THE ELECTED member who this week led the charge towards a council tax and housing rent freeze says he is “quite delighted” with how things panned out.
Ian Scott, who represents the Shetland Central ward, said he was pleased the council is “prepared to help our folk – it’s about giving people a wee hand in what is going to be a fairly rough time for a lot of people”.
At a meeting of the full council on Wednesday he proposed freezing both council tax and housing rent – against the recommendation of officers.
His proposal overcame three separate votes – as well as stern warnings over the financial implications on future budgets for day to day services and housing maintenance.
Despite these warnings enough fellow councillors supported his proposal to see it through.
Scott said he has been speaking up for similar issues for “20 or 30 years” and appeared to deny his pursuit of a freeze was anything to do with the upcoming council election in May, in which he is standing.
“I wouldn’t think the leadership is particularly taken by it [the freeze],” he added.
“I knew there would be a few folk who are not happy with the way that the council is getting run financially.
“We’re in a position to have the resources to help our people. That’s what I think. I would hope that the new council, whoever is on it, would revisit the medium term financial plan with a view to rejigging it.”
A council tax rise of three per cent had been recommended by officers, as well as a housing rent increase of 2.5 per cent.
The mini-revolt means a reduced income in 2022/23 for the council’s day to day budget and its housing revenue account of nearly £500,000.
Finance officials have warned that compounded over the next five years the decision could result in more than £3 million in lost income.
Shetland Islands Council convener Malcolm Bell said after the meeting that there will be “consequences” of the decision.
“It’s not as simple as I think some people thought it would be,” he said.
“Because of course when you remove this money from the system over the years it will compound up, and at some point, it will have to be made up.
“I think the other thing we have to be really careful about sending a great big signal to the Scottish Government that Shetland has lots of money – I think there’s a real danger there.”
And there is a warning that the effect of the freeze on rents could be equivalent of not being able to do a third of the kitchen replacements planned for this year.
“That is the effect of the freeze and since housing is a closed account it cannot be made up from the reserves. Good luck to anyone knocking on council house doors,” Shetland News was told.
There was sympathy at all corners of Lerwick Town Hall on Wednesday for the position many people in the community find themselves in as the cost of living continues to rise.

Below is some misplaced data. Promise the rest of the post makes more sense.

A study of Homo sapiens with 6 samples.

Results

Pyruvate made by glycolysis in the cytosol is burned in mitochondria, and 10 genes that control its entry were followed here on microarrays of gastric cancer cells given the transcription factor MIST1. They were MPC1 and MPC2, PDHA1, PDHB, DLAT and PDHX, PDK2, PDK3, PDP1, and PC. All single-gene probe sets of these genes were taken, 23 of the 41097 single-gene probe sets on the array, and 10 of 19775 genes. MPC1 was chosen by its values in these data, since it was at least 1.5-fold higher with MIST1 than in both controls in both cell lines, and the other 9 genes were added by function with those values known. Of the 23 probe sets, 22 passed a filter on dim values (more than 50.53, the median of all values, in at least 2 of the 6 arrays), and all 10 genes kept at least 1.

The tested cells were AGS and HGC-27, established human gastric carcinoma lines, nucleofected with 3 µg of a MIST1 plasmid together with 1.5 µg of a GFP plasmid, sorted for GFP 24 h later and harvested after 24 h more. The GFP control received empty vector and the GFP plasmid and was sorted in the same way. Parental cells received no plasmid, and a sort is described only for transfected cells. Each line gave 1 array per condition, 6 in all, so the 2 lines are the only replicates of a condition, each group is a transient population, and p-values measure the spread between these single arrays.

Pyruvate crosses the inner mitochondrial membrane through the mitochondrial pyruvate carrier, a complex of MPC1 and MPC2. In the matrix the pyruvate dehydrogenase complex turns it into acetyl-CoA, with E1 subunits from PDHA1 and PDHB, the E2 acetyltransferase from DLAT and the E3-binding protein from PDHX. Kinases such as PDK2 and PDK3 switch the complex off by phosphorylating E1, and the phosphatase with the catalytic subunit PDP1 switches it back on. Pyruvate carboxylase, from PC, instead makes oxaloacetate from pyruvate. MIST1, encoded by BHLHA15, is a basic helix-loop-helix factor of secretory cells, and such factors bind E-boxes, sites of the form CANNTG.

The quandary some found themselves in, however, was the balance between helping those in need now and the financial impact freezes may have on the council’s bank balance over the coming years.
Wednesday’s meeting comes ahead of a local government election in May, and those in favour of raising both or one of the charges warned against legacy they may leave to the next cohort of councillors.
The finance team said there could be a total loss of income of more than £3 million by 2027/28. Freezing rates now mean that in future years increases will result in less income.
Sceptics may claim there may have been some electioneering at play and repeated warnings were made to think carefully about the decision.
But the “unprecedented” situation around cost of living was laid out squarely by one councillor who has heard from some constituents who were struggling to juggle eating and heating as bills rise.
Those on benefits already receive help with council tax and rent but there was concern in the chamber over those who fall just outside of that – and in particular those in working poverty.
By rebelling against officers’ recommendations, freezing the charges – especially council tax, when local authorities now have the ability to do what they want it – sent out a strong signal, particularly to the Scottish Government.
That is a government which has already pledged a £150 relief to people in council tax bands A to D to help with the cost of living – which is plenty more than the increase averted by councillors.
But the government was accused in the chamber of ducking responsibility by passing council tax decisions onto local authorities.
At least for now, yesterday’s decision has provided a welcome boost to those looking after the pounds and pennies.
And it may be seen as something of a victory for outspoken councillor Ian Scott, who for the last five years has shouted from the back benches about loosening the purse strings without much success.